To understand market impact, IRI, 210 Analytics and Hillphoenix have shared a new monthly update to understand the latest meat department trends.
The average price per pound in the meat department across all cuts and kinds, both fixed and random weight, stood at $4.49 in January. Prices only increased slightly year-on-year, at 2.6 percent, continuing a trend of moderating levels of inflation that started in the second half of 2022.
As such, meat and poultry inflation was far below the January average for total food and beverages. Yet, red meat and poultry were among the top five examples cited by consumers when naming products that costs more now than they did last year. As perception is reality, it will be important to continue to underscore value and versatility.
By protein, the moderation in price increases is driven by beef, pork, lamb and bacon in January. Chicken inflation dropped to single digits for the first time in months, while prices for fresh turkey were 11.7 percent higher than in January last year. In the 52-week view, most of the processed meat category averaged double-digit price increases, led by packaged lunch meat that was up 19.4 percent versus last year.
January meat sales were somewhat subdued. Dollars, units and volume sales were down for both fresh and processed meat. In the 52-week view, dollar sales remain ahead of year ago levels, but pounds are trending behind. Compared to the pre-pandemic normal, pound sales are still ahead.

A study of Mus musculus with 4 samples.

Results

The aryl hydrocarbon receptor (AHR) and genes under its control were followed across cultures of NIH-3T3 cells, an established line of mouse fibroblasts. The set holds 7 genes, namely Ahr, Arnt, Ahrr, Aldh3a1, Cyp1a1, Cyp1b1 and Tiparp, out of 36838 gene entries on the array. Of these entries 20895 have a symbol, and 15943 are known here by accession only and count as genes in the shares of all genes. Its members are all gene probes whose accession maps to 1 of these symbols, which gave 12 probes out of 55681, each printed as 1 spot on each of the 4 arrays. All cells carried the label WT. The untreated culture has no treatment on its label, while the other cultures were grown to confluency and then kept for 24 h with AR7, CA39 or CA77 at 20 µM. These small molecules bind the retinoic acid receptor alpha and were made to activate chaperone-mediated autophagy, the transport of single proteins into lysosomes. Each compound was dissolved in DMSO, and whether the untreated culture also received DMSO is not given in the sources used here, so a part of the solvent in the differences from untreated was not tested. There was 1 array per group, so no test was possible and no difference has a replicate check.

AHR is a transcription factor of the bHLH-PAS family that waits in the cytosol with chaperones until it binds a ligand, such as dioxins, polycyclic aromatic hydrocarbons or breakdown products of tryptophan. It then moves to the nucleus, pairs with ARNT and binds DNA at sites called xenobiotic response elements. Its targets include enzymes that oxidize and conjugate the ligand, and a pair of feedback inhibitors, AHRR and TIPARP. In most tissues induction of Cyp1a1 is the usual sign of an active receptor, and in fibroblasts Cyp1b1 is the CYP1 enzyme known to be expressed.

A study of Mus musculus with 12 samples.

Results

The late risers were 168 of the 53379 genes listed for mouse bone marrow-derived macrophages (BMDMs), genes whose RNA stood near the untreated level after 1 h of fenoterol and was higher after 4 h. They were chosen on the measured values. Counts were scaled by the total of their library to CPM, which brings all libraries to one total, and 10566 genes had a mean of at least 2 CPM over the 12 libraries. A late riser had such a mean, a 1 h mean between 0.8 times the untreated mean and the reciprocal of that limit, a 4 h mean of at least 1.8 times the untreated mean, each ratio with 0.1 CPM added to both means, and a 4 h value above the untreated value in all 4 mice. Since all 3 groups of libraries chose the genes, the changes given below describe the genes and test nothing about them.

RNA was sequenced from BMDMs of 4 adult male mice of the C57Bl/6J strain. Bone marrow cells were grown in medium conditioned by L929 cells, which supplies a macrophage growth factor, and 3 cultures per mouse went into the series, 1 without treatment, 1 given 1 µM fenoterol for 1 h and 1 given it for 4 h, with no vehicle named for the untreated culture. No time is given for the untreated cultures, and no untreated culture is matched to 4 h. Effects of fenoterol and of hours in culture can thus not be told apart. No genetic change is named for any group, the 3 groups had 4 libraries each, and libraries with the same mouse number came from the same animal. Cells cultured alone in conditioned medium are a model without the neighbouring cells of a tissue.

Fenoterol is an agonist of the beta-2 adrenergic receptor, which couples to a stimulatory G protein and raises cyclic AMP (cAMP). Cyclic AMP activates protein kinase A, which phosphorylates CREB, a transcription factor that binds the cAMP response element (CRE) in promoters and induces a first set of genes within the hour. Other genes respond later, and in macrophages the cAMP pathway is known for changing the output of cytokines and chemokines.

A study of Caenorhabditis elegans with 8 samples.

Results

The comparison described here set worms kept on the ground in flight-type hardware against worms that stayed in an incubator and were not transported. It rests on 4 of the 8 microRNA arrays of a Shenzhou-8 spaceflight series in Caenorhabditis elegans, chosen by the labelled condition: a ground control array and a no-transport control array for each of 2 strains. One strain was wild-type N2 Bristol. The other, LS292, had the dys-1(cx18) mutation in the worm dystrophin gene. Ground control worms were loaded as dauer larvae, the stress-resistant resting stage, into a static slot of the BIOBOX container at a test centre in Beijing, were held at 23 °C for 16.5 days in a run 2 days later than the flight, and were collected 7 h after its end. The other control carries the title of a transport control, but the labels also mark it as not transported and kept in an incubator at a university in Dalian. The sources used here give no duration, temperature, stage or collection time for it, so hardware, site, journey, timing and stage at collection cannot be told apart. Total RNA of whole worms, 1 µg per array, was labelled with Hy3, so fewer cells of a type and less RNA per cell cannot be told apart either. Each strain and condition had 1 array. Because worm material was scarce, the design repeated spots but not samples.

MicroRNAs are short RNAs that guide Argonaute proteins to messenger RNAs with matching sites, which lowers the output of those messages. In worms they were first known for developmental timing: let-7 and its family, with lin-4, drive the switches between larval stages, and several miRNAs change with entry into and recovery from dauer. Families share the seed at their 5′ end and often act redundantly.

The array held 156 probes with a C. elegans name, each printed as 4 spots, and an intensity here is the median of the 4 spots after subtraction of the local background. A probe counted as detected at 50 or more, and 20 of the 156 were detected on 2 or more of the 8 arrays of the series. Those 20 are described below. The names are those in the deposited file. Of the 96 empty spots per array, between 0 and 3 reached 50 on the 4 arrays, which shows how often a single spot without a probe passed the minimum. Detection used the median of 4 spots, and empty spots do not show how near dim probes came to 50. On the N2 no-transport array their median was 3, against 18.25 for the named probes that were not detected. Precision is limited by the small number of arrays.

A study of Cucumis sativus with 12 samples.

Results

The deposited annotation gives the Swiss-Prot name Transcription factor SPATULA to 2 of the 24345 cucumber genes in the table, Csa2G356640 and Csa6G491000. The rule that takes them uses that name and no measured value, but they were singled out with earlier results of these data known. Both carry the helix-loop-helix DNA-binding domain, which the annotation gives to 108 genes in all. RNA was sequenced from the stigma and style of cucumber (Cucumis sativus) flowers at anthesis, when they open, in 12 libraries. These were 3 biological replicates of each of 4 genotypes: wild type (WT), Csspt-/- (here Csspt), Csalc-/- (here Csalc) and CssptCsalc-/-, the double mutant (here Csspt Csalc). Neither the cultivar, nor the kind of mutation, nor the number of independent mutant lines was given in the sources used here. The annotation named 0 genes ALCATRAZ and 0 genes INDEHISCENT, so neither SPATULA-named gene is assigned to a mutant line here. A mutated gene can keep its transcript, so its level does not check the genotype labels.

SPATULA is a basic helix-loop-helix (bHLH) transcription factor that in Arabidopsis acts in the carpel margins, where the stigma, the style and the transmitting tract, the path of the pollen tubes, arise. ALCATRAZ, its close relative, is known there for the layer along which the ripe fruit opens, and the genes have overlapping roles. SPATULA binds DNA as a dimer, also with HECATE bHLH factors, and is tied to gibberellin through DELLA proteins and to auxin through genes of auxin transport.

January sales were affected by the below-average rate of inflation that did not provide the same boost seen in prior months plus subdued demand. Pound sales dropped 4.2 percent behind year ago levels. They were also down when compared to their January 2020 levels, the pre-pandemic normal, by 1.5 percent.
In all, fresh meat sales decreased 1.7 percent in January as the much lower level of inflation could not offset the reduction in pound sales. Beef and chicken were the big contributors to January fresh meat sales, that totaled $4.7 billion. Chicken experienced an uptick in pounds and dollars in January and came close to matching last year’s pound sales in the 52-week view.